Everyone finds that unsightly buildup on their faucets from time to time. Not only are they icky, but calcium deposits can even start to deteriorate metallic fixtures until they become brittle or even leaky. So what can you do about them? Ordinary bathroom surface cleaners and disinfectants won't do the trick. Is there any other way to make sure you don't lose your valuable faucets to these minerals?
Here are the best recommendations from all-service plumbing experts. Follow these tips to make your faucets look brand new again.
First, it's important to know why this phenomenon happens. What could cause stony minerals to build up in your bathrooms? Some people believe that it is a side effect of rust, as if you're seeing the effects of moisture and humidity breaking down metallic fixtures or porcelain sinks, but this isn't the case. Your tap water is actually to blame.
Unfiltered tap water is full of minerals like calcium. Over time, as water splashes onto your faucets and dries, the minerals will be left behind, and water spots will form. As they continue to build up, specks of calcium will form large deposits that bond together in corners, in joints, and on the edges of your faucets. You're more likely to see calcium in these areas because water collects there, doesn't run off as easily, and evaporates more slowly.
Clean the Surface
Onto the solutions. You might want to wear gloves and protective eyewear to prevent irritants from getting onto your skin or in your eyes.
First, use a damp and soapy rag to clean your faucets. Focus on the areas where you see white or greenish calcium deposits. Then, rinse and wipe the area dry. Don't leave it wet! This will just add to the problem. Remember that calcium isn't fungus, so disinfecting cleaners and soaps won't solve the problem. However, they're a start. Commercial plumbing repair experts always recommend working on clean surfaces for best results.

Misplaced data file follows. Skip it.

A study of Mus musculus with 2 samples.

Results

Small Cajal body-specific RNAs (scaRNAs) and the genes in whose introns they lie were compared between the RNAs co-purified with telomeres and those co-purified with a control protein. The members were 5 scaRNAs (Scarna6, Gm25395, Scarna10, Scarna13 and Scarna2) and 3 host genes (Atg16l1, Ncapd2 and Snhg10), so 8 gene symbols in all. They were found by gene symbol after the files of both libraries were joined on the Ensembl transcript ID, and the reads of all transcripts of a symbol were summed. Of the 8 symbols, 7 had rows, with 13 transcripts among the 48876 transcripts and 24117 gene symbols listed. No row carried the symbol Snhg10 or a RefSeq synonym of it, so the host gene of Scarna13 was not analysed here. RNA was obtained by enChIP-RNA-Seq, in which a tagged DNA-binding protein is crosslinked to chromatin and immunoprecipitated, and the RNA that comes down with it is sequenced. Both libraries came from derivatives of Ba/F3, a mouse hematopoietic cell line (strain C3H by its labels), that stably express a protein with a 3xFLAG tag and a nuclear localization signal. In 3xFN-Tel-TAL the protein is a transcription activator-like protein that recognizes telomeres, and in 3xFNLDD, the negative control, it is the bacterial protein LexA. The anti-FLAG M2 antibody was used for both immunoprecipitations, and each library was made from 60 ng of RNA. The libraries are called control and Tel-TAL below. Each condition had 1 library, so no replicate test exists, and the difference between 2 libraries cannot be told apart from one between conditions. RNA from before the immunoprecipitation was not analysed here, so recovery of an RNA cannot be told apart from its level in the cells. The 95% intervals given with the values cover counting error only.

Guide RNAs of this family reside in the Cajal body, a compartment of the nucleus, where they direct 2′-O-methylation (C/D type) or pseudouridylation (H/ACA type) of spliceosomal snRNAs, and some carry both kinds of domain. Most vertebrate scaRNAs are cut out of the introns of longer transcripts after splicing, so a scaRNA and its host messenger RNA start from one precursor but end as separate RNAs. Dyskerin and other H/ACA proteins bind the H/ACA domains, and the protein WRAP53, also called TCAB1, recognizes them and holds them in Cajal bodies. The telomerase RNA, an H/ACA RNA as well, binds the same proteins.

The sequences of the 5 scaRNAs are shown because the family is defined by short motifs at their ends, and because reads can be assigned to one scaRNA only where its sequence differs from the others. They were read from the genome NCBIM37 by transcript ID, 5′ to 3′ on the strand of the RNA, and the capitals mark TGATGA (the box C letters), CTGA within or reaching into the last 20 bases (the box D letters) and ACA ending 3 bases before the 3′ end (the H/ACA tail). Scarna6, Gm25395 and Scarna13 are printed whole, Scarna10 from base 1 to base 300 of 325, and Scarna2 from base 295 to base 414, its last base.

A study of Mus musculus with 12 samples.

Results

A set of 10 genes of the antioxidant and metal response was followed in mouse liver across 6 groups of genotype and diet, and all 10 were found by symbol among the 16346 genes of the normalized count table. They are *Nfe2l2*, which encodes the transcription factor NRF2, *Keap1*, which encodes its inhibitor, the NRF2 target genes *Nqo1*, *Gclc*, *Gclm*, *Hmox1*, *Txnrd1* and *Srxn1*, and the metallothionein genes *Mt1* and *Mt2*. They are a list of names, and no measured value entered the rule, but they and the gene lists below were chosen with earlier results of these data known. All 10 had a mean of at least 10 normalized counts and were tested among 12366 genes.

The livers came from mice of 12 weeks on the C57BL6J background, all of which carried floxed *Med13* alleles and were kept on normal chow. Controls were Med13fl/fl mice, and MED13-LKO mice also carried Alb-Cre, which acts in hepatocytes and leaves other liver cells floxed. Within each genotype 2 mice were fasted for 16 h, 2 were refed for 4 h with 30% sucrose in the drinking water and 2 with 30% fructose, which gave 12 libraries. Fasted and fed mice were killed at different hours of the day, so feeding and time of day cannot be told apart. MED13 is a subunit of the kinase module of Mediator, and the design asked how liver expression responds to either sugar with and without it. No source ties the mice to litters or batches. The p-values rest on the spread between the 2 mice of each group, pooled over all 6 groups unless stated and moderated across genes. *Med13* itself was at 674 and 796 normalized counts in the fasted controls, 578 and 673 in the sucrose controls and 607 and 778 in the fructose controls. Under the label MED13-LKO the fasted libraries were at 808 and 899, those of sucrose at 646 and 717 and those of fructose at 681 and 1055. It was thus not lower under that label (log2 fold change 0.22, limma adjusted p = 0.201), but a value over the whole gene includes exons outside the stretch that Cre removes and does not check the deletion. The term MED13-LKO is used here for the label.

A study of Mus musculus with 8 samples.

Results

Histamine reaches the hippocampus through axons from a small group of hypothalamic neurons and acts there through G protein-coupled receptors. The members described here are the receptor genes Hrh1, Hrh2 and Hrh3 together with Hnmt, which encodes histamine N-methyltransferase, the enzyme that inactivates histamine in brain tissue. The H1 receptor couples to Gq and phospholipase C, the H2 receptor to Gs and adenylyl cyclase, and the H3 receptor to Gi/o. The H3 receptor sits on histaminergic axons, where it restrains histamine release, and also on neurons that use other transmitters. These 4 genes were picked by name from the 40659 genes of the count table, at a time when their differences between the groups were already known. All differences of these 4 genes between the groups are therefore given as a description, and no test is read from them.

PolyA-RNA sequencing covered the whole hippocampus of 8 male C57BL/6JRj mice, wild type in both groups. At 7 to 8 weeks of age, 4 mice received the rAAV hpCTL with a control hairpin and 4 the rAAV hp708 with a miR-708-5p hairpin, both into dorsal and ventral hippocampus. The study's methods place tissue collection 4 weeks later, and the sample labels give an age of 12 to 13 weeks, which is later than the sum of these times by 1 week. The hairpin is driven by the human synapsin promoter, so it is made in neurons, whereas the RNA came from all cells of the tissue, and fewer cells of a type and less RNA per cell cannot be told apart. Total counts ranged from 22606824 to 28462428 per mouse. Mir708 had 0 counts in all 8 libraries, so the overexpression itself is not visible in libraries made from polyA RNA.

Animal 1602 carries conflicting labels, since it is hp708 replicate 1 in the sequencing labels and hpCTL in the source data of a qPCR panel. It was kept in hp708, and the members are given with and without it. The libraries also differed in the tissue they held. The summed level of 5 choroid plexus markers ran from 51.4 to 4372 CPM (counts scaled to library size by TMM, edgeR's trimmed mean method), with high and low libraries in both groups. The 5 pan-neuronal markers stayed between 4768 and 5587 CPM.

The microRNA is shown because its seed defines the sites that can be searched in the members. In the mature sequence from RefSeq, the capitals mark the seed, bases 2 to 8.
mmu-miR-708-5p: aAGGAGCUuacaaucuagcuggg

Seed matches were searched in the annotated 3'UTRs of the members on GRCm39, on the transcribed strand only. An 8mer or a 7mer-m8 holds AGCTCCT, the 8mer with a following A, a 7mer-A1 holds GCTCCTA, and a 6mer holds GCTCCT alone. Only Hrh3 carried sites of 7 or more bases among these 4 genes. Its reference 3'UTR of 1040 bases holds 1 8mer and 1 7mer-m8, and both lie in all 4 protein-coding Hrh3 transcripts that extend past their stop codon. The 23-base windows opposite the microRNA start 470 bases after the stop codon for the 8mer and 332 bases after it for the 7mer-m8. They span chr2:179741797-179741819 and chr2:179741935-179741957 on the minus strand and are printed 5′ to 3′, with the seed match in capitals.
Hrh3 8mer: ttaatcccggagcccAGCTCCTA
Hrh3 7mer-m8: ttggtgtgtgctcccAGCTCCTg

Next, use an acidic substance like white vinegar or lemon juice to break down the high-pH calcium. Dampen a cloth and wipe it across the surface. For extreme buildup, leave a soaked rag to dry against the surface of the faucet for several hours.
Then, rinse the faucet thoroughly and dry it with a clean cloth. If necessary, scrub the deposits with a toothbrush. The combination of all-purpose cleaner and an acidic treatment may have loosened the calcium, so you can then brush it away. If you follow this step, use an all-purpose cleaner again to remove all traces of the calcium. Rinse and dry the surface.
If the aerator has buildup, you'll need to twist off the small faucet insert and flush it out. Follow the above steps, and make sure to use a toothbrush here. Aerators can trap buildup — once the chalky white material is gone, you can replace the aerator.
For more recommendations, contact Stahl Plumbing. Offering bathroom plumbing repair to residential and commercial properties, Stahl Plumbing is your best resource for installing water softeners and other helpful services. Contact them today for full service plumbing in Pittsburgh, PA.